Ian Walton / AP
Tom Sexton of New Zealand reacts after his race in the men’s 4000m individual pursuit qualifying during the Commonwealth Games track cycling at the 2022 Commonwealth Games.
Tom Sexton has penned yet another chapter for Southland cycling’s ever-growing and impressive history books.
The 23-year-old former James Hargest College pupil won gold as part of the New Zealand men’s team pursuit on Saturday morning at the 2022 Commonwealth Games.
It was the first time New Zealand had won Commonwealth Games gold in the men’s team pursuit since 1990.
Watching on proudly from their Invercargill home were parents Paul and Theresa Sexton.
“Me and my wife just watched it here on our own at home, it was really good.”
Soon after arriving back to the team hotel after the gold medal ride Tom checked in with his parents.
Despite the special performance, Tom was very relaxed about the situation, Paul said.
“He understates a lot of stuff, he doesn’t like hyping stuff up. He doesn’t like hyping stuff up before it either. “
“He’s very relaxed, and that might be why he’s doing so well.”
In fact, Paul admits Tom probably wouldn’t be all that thrilled with him speaking publicly about his thoughts and just how proud his parents are of him.
The fact is, the whole of Southland has every right to be proud of what one of their own produced at the velodrome at the 2022 Commonwealth Games during the weekend.
Twenty-four hours after helping secure New Zealand with a men’s team pursuit gold Sexton was back amongst the medals.
Sexton set a Commonwealth Games record on the way to booking a spot in the gold medal ride against fellow Kiwi Aaron Gate in the 4000m individual pursuit.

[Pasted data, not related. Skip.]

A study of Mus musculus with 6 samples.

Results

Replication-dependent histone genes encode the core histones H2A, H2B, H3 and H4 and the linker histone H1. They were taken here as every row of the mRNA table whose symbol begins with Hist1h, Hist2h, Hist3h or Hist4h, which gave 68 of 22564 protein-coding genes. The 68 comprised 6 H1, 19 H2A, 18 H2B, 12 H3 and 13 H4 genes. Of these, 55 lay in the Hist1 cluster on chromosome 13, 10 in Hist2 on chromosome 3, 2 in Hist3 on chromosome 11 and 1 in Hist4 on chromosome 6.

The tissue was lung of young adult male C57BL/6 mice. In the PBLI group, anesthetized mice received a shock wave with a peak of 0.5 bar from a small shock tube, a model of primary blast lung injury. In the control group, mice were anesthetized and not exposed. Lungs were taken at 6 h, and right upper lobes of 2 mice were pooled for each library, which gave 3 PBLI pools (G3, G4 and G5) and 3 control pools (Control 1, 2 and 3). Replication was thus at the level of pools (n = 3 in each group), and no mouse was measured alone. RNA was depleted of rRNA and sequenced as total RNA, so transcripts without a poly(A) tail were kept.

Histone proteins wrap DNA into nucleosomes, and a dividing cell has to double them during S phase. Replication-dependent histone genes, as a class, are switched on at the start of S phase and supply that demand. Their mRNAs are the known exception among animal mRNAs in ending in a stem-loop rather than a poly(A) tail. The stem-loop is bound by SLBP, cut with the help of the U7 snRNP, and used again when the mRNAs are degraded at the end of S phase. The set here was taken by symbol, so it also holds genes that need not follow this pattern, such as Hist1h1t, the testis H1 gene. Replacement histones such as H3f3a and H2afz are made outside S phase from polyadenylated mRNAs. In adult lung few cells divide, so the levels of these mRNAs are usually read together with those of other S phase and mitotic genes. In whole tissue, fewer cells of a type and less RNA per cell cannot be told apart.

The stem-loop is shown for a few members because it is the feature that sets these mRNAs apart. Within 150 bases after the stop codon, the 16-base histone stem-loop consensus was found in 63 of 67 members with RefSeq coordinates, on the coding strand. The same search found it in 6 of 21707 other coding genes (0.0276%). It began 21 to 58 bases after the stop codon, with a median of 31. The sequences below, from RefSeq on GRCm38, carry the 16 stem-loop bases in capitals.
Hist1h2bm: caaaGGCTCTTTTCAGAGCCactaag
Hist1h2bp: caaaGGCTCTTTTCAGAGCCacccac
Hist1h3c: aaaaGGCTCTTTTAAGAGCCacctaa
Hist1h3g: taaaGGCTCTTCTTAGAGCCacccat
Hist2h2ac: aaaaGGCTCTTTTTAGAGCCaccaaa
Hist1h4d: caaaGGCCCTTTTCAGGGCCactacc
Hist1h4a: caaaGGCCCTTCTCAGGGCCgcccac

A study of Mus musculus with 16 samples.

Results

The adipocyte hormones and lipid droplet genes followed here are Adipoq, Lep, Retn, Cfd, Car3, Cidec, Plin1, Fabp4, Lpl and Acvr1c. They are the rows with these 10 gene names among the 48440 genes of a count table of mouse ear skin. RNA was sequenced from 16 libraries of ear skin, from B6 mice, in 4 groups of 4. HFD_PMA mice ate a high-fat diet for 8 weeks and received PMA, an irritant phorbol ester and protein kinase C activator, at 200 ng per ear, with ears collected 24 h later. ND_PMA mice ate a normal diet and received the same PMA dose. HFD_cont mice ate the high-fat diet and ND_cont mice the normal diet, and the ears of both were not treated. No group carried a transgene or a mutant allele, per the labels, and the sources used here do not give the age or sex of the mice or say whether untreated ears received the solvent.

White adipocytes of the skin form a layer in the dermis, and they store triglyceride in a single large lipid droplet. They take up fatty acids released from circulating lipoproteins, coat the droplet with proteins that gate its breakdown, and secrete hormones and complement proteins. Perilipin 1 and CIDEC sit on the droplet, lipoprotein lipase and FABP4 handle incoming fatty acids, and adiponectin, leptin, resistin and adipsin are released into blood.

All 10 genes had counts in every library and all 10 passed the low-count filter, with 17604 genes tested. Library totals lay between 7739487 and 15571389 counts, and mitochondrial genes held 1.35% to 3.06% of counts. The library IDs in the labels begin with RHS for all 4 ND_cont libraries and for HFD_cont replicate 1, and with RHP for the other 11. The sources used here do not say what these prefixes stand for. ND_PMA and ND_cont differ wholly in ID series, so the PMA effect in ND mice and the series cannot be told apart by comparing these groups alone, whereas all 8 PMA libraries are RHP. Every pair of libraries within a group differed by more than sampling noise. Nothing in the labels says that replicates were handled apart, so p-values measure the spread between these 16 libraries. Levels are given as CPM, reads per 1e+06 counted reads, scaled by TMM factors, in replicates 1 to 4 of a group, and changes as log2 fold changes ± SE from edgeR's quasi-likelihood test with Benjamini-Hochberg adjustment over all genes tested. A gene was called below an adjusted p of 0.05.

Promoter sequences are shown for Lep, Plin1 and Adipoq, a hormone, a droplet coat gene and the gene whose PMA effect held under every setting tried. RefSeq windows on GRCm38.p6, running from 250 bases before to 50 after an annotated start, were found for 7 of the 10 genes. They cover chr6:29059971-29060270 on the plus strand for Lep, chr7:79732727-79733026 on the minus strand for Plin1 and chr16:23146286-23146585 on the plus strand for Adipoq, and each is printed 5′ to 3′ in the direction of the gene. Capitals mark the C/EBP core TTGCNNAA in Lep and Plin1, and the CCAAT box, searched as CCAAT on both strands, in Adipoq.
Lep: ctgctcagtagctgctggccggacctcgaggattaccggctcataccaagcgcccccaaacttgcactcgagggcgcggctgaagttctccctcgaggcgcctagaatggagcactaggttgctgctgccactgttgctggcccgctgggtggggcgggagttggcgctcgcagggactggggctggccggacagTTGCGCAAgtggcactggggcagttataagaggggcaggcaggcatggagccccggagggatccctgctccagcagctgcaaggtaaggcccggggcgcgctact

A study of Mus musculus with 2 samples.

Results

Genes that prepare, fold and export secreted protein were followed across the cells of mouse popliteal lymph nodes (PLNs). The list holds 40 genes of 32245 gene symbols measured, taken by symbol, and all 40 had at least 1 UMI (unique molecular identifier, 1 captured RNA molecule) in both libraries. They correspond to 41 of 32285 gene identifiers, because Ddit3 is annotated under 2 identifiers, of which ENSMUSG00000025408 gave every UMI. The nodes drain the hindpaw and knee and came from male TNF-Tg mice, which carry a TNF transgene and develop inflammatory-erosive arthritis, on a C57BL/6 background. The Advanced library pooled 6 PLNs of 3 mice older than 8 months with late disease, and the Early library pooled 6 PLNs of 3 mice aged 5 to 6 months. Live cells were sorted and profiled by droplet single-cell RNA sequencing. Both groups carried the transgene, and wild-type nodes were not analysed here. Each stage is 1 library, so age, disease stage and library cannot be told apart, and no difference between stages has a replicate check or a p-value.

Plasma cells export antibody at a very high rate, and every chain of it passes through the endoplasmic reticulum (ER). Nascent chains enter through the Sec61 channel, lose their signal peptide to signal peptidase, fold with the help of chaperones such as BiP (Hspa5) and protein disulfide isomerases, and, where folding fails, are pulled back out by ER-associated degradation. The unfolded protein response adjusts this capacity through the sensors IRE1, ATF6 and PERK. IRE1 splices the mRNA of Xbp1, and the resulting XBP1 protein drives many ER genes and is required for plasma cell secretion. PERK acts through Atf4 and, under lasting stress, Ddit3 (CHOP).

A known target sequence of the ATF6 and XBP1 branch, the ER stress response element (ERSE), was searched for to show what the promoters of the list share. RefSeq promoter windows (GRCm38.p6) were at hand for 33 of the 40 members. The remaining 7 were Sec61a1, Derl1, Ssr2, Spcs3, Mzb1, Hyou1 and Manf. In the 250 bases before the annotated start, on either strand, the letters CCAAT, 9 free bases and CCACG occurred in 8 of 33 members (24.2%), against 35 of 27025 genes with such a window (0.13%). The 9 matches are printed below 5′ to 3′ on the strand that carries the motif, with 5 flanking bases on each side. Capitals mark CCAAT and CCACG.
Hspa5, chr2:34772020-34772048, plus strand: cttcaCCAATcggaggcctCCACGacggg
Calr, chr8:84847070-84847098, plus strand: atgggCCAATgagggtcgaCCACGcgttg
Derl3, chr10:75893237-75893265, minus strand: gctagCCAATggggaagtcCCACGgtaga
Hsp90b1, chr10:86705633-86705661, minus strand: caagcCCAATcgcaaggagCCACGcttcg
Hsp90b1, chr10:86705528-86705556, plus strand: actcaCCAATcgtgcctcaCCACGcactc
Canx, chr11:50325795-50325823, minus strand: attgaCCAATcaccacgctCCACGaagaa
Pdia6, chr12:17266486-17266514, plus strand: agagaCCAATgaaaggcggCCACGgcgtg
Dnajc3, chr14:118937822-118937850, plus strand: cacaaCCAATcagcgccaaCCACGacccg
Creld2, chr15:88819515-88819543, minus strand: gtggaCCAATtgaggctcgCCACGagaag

Knowing it would take a bit to shake the impressive Gate, Sexton went out super hard in the final and led by 1.4 seconds at the halfway point.
However, he was unable to maintain a consistent pace and faded over the second half of the 4000m race, with Gate powering home to win in 4: 07.760.
Silver in an event that Sexton didn’t lump a whole heap of expectation on himself should not be scoffed at though.
It’s a worthy reward for the 23-year-old whose journey started out as an eight-year-old in Southland when he took part in some club road racing.
By 10 years old Sexton was riding around the indoor velodrome in Invercargill and by 2016 he was a junior world champion as part of the team pursuit.
He then set his sights on the elite ranks.
“He left home when he had just turned 18 with the goal of being in the elite [New Zealand] team. He finished school one day and the next day he got in the car and drove to Cambridge, ”Paul said.
The sport of cycling has been his fulltime job ever since as he now spends most of the time based in Spain where he is part of the Black Spoke Pro Cycling team.
Sexton will race in the road time trial at the Commonwealth Games on Thursday, but there will be little time for the Southlander to celebrate his success after that.
He will rejoin his Black Spoke team for an important road race in France.
Sexton is one of four Southland cyclists competing at the Commonwealth Games with Bradly Knipe also claiming a bronze medal on Saturday morning as part of the New Zealand men’s sprint team.
The other Southland cyclists who will feature on the track are Corbin Strong and Nick Kergozou.